If you’re an older adult, you may have noticed your skin isn’t the same as when you were younger; you bruise more easily and your skin seems thinner. That’s because as we age, our skin changes.
For one thing, it does get thinner. “This is multifactorial, from the degradation of collagen and elastin from ultraviolet light in sunlight, a decrease in estrogen levels in menopause and other factors,” says Dr. Meghan Feely, attending physician at Mount Sinai Hospital’s Department of Dermatology in New York City.
“With aging, the cells that make up the layers of our skin shrink and decrease in number,” adds Dr. Noelani Gonzalez, director of cosmetic surgery at Mount Sinai West in New York. “The fatty layer beneath our skin, which acts as a cushion, thins out, too.”
Repeated exposure to ultraviolet radiation from the sun breaks down collagen, which is why it’s important to always use a broad-spectrum sunscreen of SPF 30 or higher to protect the skin from skin cancer and thinning. If you’re interested in seeking treatment for thinning skin, “topical retinoids or in-office treatments, such as lasers, may help to remodel collagen and thicken your skin,” Feely says.
In addition to collagen and elastic fibers in the middle layer of the skin, or dermis, getting damaged by the sun, the small blood vessels (capillaries) that are near the skin’s surface “become more fragile, too, which can lead to bruising when they are broken,” Feely explains.
Thinning Skin Bruises More Easily
Even a small blow or injury can cause a bruise on thinner skin. As blood leaks out of the vessels, it makes a black and blue mark, which later turns yellow, green and then brown as it fades. When your body reabsorbs the blood, the mark disappears, although this healing can take longer as you age.
Certain medications may contribute to easy bruising, including aspirin, anticoagulants and antibiotics. As a result, bleeding might take longer than usual to stop and might cause a bigger bruise. Using corticosteroids can also cause your skin to thin, making it more susceptible to bruising.
Men’s Skin and Women’s Skin Differ
Men’s skin is roughly 20 percent thicker than women’s, mostly due to higher levels of testosterone. As we age, collagen production declines in both men and women, but women lose it more rapidly than men, especially after menopause. Menopause brings with it a decrease in estrogen, causing women’s skin and collagen layer to thin, Gonzalez says.
“Because there isn’t much of a cushion there for when bumps happen, minimal trauma can cause bruised skin easier in women,” she says. “That being said, men have slower healing times, which means they might have to deal with a bruise for longer.”
How to Care for Thinning and Bruising Skin
If you or someone you care for has thinning, easily bruising skin, you might want to try some of these care tips from Gonzalez:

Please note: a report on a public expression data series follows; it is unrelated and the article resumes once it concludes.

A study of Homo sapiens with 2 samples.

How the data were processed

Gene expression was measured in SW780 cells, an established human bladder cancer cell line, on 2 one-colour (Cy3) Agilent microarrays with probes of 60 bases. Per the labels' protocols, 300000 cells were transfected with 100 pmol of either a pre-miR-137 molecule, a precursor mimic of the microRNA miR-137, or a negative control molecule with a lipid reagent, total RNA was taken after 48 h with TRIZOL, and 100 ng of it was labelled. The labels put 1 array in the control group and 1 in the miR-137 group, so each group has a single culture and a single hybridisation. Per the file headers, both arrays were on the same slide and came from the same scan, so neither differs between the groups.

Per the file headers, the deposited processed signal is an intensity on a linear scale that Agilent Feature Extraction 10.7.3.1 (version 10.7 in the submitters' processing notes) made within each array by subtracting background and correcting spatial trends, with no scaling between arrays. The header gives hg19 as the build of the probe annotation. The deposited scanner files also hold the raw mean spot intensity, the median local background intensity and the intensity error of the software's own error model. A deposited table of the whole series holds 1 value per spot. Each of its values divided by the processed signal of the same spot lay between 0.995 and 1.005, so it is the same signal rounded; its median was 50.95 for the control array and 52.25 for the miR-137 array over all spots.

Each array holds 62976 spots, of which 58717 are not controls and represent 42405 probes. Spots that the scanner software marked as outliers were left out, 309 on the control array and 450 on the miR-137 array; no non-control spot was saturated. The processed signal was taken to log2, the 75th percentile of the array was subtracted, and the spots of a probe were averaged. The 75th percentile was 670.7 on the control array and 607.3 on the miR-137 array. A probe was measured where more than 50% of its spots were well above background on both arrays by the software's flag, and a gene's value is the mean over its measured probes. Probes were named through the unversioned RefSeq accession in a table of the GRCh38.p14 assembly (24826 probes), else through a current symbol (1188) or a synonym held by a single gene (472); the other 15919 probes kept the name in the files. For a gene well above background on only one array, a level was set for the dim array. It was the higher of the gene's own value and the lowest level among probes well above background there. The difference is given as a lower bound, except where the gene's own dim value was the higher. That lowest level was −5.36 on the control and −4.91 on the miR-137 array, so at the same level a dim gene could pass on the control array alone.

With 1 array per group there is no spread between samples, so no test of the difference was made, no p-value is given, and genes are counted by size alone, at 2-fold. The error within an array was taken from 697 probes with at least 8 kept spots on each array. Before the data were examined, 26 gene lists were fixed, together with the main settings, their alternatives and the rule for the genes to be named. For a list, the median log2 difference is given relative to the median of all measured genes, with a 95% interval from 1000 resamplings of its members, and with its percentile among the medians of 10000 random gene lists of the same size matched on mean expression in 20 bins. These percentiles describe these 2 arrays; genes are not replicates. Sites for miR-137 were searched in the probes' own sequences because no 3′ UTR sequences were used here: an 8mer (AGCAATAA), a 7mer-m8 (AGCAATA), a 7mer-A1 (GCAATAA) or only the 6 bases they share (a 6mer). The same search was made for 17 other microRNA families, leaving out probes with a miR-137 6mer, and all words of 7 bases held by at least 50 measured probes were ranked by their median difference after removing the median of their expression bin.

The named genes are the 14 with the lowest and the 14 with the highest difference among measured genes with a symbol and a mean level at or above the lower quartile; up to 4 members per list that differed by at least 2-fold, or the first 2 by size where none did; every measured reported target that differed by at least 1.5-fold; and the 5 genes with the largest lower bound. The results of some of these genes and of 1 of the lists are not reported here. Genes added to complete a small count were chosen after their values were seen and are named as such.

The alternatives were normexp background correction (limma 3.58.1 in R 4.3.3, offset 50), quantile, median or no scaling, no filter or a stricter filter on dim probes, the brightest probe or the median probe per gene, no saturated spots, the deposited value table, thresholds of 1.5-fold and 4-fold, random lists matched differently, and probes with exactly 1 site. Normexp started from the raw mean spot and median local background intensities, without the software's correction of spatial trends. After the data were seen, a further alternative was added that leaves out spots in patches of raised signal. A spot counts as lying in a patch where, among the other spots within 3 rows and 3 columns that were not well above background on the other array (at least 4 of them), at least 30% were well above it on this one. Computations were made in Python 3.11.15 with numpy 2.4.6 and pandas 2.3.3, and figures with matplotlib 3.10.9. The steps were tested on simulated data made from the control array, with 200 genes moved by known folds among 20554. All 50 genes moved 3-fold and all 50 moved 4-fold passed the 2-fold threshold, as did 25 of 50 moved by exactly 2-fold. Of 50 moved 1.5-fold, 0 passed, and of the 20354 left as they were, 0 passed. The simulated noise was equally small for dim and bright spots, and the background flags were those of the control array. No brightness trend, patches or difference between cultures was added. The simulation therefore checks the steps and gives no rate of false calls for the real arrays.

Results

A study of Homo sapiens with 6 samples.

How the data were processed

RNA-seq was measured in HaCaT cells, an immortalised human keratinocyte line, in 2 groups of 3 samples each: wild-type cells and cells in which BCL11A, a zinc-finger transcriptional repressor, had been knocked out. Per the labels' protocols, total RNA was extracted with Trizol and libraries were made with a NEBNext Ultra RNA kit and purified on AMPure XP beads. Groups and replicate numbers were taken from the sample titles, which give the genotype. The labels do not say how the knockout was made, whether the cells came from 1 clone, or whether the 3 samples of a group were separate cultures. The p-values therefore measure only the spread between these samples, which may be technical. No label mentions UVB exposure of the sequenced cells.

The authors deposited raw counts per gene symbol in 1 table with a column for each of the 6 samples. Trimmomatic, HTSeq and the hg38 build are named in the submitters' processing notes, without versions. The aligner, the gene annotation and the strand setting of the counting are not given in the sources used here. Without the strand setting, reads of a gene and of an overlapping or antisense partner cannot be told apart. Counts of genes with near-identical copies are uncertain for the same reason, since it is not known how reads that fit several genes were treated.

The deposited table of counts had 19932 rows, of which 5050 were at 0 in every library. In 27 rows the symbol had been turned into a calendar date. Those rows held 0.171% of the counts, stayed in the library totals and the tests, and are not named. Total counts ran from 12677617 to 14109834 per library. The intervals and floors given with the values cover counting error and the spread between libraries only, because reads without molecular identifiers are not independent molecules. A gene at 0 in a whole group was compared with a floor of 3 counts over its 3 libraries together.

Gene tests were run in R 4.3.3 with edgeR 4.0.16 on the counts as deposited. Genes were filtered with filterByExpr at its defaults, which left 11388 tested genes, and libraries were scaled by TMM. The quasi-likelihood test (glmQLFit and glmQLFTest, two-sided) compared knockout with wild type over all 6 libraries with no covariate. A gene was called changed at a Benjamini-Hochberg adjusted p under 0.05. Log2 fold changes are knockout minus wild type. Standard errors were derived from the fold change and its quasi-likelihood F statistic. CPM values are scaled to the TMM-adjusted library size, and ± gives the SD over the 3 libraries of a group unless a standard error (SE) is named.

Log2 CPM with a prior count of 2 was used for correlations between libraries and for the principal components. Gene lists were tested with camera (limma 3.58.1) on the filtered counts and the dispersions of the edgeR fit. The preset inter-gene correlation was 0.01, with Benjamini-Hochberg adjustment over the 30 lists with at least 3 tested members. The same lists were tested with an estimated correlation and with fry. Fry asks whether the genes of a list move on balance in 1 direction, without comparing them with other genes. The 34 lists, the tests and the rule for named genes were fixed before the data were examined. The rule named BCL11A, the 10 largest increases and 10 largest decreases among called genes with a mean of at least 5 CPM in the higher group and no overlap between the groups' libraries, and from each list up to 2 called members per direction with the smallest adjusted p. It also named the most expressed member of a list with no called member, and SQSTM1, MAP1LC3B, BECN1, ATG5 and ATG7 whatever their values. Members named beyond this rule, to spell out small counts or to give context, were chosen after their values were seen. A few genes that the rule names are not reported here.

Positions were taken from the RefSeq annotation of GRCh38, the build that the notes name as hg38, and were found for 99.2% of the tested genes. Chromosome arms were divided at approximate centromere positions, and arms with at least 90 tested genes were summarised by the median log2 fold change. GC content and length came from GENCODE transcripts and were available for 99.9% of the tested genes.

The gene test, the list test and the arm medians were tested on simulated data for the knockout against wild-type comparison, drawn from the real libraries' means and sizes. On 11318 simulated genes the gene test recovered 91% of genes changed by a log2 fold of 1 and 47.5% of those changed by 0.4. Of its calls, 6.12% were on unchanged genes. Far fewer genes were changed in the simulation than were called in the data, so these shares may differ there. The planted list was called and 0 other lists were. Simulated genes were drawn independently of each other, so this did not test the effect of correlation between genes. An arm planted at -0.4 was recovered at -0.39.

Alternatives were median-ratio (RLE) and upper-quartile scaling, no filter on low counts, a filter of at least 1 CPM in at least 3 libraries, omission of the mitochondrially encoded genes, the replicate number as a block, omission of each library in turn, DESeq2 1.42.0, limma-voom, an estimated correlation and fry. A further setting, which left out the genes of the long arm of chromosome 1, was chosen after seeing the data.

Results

- Avoid bumping into things by arranging furniture so it’s not in the way, reducing clutter and removing rugs, which could cause tripping.
- Exposure to certain medications, such as long-term steroids, blood thinners (aspirin, NSAIDs), as well as natural supplements, like vitamin E and fish oil, can make people more susceptible to bruising, so avoiding these might help. However, always consult with a physician prior to stopping any.
- Wear long pants and sleeves and protective clothing to help minimize bruising.
- Moisturize the skin to prevent it from getting dry, which makes it more prone to breaking open.
- Use a sunscreen with an SPF greater than 30.
- Consider using anti-aging medications, such as topical retinoids, which have been shown to increase skin collagen. But always ask a dermatologist before starting any.
If the skin does get injured, apply cold compresses and keep the area elevated. Then, apply warm compresses to increase circulation to speed up healing of the bruise.
Over-the-counter medications, such as Vitamin K creams, may help bruises fade away quicker. “Also, make sure the person has an adequate Vitamin C intake, as a deficiency could also be the cause of easy bruising,” Gonzalez says.
“Easy bruising in (older people) is very common and, unfortunately, there’s not a lot you can do to prevent it,” she adds. “Medical treatment is usually not necessary, but be aware that a bruise might take weeks or even months to fade away.”
Next Avenue Editors Also Recommend:
- Protect Your Skin to Look and Feel Better
- 4 Ways for Women to Treat Winter Skin
- 6 Surprising Things That Raise Your Skin Cancer Risk
Next Avenue brings you stories that are inspiring and change lives. We know that because we hear it from our readers every single day. One reader says,
"Every time I read a post, I feel like I'm able to take a single, clear lesson away from it, which is why I think it's so great."
Your generous donation will help us continue to bring you the information you care about. What story will you help make possible?